Population densities of Sulawesi crested black macaques (Macaca nigra) on Bacan and Sulawesi, Indonesia: Effects of habitat disturbance and hunting
Article first published online: 6 JAN 1999
Copyright © 1998 Wiley-Liss, Inc.
American Journal of Primatology
Volume 44, Issue 2, pages 89–106, 1998
How to Cite
Rosenbaum, B., O'Brien, T. G., Kinnaird, M. and Supriatna, J. (1998), Population densities of Sulawesi crested black macaques (Macaca nigra) on Bacan and Sulawesi, Indonesia: Effects of habitat disturbance and hunting. Am. J. Primatol., 44: 89–106. doi: 10.1002/(SICI)1098-2345(1998)44:2<89::AID-AJP1>3.0.CO;2-S
- Issue published online: 6 JAN 1999
- Article first published online: 6 JAN 1999
- Manuscript Accepted: 22 SEP 1997
- Manuscript Received: 24 JAN 1997
- Wildlife Conservation Society
- National Geographic Society
- Wenner-Gren Foundation for Anthropological Research
- Committee on Global Change and Environmental Quality, University of Colorado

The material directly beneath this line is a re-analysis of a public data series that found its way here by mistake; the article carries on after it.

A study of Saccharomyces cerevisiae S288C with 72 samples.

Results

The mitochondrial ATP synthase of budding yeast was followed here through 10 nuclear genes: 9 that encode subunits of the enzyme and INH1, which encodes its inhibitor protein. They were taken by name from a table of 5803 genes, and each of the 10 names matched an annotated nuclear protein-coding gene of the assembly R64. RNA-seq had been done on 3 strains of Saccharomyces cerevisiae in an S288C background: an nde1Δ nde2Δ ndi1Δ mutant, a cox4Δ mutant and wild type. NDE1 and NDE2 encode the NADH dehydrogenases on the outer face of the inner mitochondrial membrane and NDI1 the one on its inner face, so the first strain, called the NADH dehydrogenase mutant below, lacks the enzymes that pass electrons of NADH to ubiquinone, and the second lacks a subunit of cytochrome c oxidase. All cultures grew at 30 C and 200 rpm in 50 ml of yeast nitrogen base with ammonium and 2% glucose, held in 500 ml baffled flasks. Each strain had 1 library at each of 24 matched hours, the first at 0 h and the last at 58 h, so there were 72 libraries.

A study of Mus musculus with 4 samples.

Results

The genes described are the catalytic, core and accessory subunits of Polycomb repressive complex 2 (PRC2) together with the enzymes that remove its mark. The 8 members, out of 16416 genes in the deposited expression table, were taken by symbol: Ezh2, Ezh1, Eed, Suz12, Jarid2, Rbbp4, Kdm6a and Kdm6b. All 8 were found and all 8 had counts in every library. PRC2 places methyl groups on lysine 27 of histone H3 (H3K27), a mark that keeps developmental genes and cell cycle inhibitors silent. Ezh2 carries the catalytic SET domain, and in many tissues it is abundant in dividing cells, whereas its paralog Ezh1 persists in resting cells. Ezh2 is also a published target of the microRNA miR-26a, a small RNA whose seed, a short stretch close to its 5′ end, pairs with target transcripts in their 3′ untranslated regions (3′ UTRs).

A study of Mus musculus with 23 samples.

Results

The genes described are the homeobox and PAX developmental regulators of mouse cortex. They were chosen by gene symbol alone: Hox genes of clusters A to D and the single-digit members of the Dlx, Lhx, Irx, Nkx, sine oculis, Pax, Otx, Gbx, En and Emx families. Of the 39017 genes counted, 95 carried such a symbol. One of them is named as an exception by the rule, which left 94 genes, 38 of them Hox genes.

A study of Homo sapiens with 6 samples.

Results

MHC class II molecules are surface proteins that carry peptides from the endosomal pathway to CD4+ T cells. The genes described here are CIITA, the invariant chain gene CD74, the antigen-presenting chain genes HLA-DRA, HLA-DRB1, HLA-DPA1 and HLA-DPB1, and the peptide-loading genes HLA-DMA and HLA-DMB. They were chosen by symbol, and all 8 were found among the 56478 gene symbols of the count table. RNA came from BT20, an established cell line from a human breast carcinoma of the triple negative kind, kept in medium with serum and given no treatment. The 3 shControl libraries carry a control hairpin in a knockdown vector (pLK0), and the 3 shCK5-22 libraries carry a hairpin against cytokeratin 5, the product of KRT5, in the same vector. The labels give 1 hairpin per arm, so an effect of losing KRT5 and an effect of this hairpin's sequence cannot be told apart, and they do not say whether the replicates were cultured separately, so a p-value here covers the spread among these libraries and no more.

Population surveys of Sulawesi crested black macaques (Macaca nigra) were conducted on the Indonesian islands of Sulawesi and Bacan in 1992–1994 to assess the status of natural populations and determine habitat and anthropogenic factors affecting their population densities. We surveyed five sites for primates, including undisturbed and disturbed habitats. Data were collected on habitat structure and composition at two undisturbed and one disturbed forest site in which the primates were surveyed. The highest density of macaques was found in primary forest at Gunung Sibela Nature Reserve on Bacan (170.3 individuals/km2). Population density in logged forest on Bacan was high but significantly less than primary forest (133.4 individuals/km2). The high density of crested black macaques in primary forest on Bacan is best explained by the high carrying capacity found in primary forest. The lower food quantity and quality of food resources found in logged forest correlated with lower primate densities compared to primary forest. However, the large population of macaques in logged forest demonstrates the conservation value of such forest. Densities on Sulawesi at Tangkoko-Batuangas-DuaSudara Nature Reserve (TBDS) showed a continuing decline since earlier surveys. Primate densities were highest near the protected center of Tangkoko Reserve (66.7 individuals/km2). The peripheral areas of Batuangas and DuaSudara, even though adjacent and continuous, showed lower population densities of 46.4 and 23.5 individuals/km2, respectively. The best explanation for the continued decline of Macaca nigra populations at TBDS is hunting. Unless conservation measures are implemented immediately, M. nigra on Sulawesi risks extinction in the near future. Am. J. Primatol. 44:89–106, 1998. © 1998 Wiley-Liss, Inc.